The Office for the Comptroller of the Currency (OCC) has announced a review of the Community Reinvestment Act (CRA).
The OCC will work with the Federal Reserve Board and Federal Deposit Insurance Corporation (FDIC) to overhaul the CRA framework, which was finalized in May 2020.
The decision follows a review by Michael Hsu, acting comptroller, which was initiated shortly after he took office.
“While the OCC deserves credit for taking action to modernize the CRA through adoption of the 2020 rule, upon review I believe it was a false start,” Hsu said. “This is why we will propose rescinding it and facilitating an orderly transition to a new rule.”
The CRA was first enacted in 1977 in an effort to encourage institutions to meet the credit needs of low- and moderate-income neighbourhoods. Last year, the OCC expanded the kinds of activities that counted towards a bank’s CRA assessment score.
The American Bankers Association (ABA) has been a long-term advocate for a consistent approach to CRA modernisation.
“We firmly believe that there is a need to update and modernize the CRA rules to reflect today’s modern banking system and the needs of communities, but those rules must be consistent across all of the banking agencies,” said Rob Nichols, ABA president and CEO.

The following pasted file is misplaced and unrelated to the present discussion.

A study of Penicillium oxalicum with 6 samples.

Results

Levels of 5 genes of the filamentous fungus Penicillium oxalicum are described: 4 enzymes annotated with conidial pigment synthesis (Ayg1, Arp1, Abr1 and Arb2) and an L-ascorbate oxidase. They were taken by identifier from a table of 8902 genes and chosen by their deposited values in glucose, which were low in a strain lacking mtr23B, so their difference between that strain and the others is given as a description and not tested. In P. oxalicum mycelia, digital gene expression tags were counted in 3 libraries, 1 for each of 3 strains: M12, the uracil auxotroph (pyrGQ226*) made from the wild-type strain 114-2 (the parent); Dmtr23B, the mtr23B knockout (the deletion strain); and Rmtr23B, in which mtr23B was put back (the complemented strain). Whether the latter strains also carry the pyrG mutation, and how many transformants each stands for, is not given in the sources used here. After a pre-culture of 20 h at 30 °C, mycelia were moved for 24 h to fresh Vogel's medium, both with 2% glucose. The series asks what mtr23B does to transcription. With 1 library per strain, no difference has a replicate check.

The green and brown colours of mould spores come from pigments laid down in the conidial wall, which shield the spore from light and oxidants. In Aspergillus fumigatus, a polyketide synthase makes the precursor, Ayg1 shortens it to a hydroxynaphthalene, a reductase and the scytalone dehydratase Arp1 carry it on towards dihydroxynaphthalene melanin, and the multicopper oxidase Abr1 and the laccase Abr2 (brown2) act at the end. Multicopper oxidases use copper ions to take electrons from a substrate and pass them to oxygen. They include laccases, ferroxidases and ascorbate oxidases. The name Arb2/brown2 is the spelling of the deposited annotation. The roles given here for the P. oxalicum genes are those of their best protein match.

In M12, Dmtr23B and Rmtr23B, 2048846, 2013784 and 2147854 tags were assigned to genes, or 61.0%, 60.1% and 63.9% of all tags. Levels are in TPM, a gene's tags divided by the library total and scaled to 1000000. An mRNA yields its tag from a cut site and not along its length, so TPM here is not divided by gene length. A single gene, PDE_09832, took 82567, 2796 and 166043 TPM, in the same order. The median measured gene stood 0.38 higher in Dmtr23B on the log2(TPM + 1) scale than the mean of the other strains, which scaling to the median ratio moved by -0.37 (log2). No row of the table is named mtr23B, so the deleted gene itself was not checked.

“By proposing to rescind the OCC’s 2020 rule and announcing a commitment to develop a joint rulemaking involving all of the banking regulators, there is a new opportunity to craft a single set of rules for banks to follow.”
The review is part of a wider effort to address inequalities in financial services across the US.
Earlier this year, big banks including Wells Fargo and Bank of America hit its investment targets in minority-owned banks and businesses.
Elsewhere, the Bank On Initiative helped to address the inequality in unbanked and underbanked populations. More than 40% of US bank branches now provide access to a Bank On certified account, with nearly 60% of new Bank On accounts opened by customers in areas with over 50% minority population.